Background: The mechanisms underlying navigation impairments in Alzheimer disease (AD) are unknown. We characterized navigation in AD and mild cognitive impairment (MCI) to test the hypothesis that navigation disability reflects selective impairments in spatial cognition and relates to atrophy of specific brain regions.
Methods: We compared 13 mild AD and 21 MCI patients with 24 controls on a route-learning task that engaged various spatial processes. Using structural MRI and optimized voxel-based morphometry, we also investigated the neural correlates of spatial abilities in a subset of subjects (10 AD, 12 MCI, 21 controls).
Results: AD and MCI patients recognized landmarks as effectively as controls, but could not find their locations on maps or recall the order in which they were encountered. Half of AD and one-quarter of MCI patients got lost on the route, compared with less than 10% of controls. Regardless of diagnosis, patients who got lost had lower right posterior hippocampal and parietal volumes than patients and controls who did not get lost. The ability to identify locations on a map correlated with right posterior hippocampal and parietal volumes, whereas order memory scores correlated with bilateral inferior frontal volumes.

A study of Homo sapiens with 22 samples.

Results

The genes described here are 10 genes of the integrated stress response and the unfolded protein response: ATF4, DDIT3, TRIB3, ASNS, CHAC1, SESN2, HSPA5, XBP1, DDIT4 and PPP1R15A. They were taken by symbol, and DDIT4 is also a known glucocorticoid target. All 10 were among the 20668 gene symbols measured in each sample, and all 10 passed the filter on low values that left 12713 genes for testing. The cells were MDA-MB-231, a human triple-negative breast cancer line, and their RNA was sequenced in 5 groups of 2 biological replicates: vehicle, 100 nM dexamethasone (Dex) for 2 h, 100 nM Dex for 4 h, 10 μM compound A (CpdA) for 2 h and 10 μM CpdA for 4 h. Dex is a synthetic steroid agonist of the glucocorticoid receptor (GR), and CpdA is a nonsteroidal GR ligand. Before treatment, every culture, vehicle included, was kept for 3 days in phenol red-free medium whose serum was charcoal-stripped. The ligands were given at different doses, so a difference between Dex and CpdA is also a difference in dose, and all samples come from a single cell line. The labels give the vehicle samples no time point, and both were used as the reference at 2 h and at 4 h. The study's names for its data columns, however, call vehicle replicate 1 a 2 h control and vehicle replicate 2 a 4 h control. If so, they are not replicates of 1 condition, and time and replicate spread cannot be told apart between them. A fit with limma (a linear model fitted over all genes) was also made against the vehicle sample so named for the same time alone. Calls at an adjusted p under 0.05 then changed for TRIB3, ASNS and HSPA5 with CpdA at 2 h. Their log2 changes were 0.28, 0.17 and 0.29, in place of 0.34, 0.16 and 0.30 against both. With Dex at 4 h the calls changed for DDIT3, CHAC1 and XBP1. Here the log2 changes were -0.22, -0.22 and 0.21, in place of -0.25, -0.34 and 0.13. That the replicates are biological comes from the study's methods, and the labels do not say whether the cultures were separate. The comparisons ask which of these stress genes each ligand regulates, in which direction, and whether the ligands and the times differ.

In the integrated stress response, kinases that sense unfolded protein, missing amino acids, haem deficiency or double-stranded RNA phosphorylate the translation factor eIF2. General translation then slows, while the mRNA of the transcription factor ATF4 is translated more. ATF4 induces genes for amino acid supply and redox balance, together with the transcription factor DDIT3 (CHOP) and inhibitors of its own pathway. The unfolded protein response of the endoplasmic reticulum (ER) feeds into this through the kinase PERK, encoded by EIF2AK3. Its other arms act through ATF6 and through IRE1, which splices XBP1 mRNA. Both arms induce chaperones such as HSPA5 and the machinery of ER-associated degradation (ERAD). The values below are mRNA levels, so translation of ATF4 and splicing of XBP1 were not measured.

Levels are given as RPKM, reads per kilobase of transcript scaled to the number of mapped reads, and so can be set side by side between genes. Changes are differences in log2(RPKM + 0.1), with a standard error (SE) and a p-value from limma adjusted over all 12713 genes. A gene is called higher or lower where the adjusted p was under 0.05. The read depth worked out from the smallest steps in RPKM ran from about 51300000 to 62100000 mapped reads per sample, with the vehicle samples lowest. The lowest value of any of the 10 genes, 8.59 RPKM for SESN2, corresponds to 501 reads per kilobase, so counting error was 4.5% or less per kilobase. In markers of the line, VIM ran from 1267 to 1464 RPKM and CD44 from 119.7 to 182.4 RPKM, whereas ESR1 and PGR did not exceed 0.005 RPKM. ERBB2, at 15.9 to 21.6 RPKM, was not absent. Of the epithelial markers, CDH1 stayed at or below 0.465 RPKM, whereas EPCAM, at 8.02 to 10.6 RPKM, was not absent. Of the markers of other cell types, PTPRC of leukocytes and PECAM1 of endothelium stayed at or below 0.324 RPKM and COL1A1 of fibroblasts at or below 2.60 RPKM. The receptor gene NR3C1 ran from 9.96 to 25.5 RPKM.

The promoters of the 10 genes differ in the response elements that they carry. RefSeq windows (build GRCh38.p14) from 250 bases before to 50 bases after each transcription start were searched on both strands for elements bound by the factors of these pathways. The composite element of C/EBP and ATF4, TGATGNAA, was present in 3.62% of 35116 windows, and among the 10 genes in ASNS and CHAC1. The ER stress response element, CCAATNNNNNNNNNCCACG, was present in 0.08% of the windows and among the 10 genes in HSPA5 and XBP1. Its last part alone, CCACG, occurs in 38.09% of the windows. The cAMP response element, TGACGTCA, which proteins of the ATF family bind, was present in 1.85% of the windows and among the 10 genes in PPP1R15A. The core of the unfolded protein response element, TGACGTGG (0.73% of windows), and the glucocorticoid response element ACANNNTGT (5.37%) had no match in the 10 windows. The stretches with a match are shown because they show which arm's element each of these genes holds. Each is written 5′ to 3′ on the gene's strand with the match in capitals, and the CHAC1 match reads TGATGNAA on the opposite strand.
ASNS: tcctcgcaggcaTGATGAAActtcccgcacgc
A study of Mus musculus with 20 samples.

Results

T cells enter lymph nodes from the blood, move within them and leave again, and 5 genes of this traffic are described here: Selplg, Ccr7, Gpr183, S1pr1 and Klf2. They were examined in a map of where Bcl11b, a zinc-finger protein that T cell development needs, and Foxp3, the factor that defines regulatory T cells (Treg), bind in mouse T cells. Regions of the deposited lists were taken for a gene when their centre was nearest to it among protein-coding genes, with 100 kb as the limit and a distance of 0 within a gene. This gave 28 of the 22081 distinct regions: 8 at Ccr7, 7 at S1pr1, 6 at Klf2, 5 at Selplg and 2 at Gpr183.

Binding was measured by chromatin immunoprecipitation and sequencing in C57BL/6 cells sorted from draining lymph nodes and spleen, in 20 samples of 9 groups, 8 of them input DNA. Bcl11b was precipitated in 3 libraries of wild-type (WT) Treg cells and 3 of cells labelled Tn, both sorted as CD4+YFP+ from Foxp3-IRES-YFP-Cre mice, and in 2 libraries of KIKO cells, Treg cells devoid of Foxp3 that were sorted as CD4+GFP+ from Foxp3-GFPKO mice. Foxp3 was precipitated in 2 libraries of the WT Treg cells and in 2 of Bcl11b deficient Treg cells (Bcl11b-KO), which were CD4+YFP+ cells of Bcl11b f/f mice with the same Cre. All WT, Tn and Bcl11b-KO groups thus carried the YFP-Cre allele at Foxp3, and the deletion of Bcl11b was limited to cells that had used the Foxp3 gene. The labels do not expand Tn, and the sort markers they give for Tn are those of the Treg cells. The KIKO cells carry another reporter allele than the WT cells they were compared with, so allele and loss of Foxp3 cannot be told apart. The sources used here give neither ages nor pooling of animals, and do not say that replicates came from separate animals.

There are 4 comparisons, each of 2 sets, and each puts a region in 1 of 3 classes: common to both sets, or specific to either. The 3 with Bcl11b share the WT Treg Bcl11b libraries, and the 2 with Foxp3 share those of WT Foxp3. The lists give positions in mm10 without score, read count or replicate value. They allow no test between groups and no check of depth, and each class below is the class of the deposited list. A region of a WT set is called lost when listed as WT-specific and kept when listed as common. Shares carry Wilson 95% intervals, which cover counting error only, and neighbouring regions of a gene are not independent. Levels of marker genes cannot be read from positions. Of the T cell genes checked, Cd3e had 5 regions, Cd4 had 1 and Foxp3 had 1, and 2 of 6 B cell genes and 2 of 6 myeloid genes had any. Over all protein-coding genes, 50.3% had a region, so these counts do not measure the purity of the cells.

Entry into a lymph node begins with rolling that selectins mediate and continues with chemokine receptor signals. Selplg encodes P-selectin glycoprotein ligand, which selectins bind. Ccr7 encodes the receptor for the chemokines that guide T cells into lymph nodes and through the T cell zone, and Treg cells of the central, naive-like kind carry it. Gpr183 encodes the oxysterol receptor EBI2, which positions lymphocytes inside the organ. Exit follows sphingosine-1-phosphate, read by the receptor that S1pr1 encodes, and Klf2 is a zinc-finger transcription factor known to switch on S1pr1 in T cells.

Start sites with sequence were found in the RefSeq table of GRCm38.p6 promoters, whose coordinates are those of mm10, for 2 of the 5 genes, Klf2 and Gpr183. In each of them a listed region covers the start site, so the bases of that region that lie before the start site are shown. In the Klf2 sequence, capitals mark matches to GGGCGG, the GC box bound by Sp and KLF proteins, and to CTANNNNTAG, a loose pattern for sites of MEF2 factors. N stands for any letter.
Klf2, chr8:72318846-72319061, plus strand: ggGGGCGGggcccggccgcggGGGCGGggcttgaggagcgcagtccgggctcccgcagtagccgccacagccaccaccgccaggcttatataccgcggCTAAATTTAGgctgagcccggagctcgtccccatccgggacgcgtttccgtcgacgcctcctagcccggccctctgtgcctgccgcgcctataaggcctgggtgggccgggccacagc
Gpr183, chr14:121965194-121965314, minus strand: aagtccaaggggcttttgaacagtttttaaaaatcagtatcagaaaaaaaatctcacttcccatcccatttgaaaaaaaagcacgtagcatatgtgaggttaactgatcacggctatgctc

Conclusions: The navigation disability in Alzheimer disease and mild cognitive impairment (MCI) involves a selective impairment of spatial cognition and is associated with atrophy of the right-lateralized navigation network. Extensive spatial impairments in MCI suggest that navigation tests may provide early markers of cognitive and neural damage.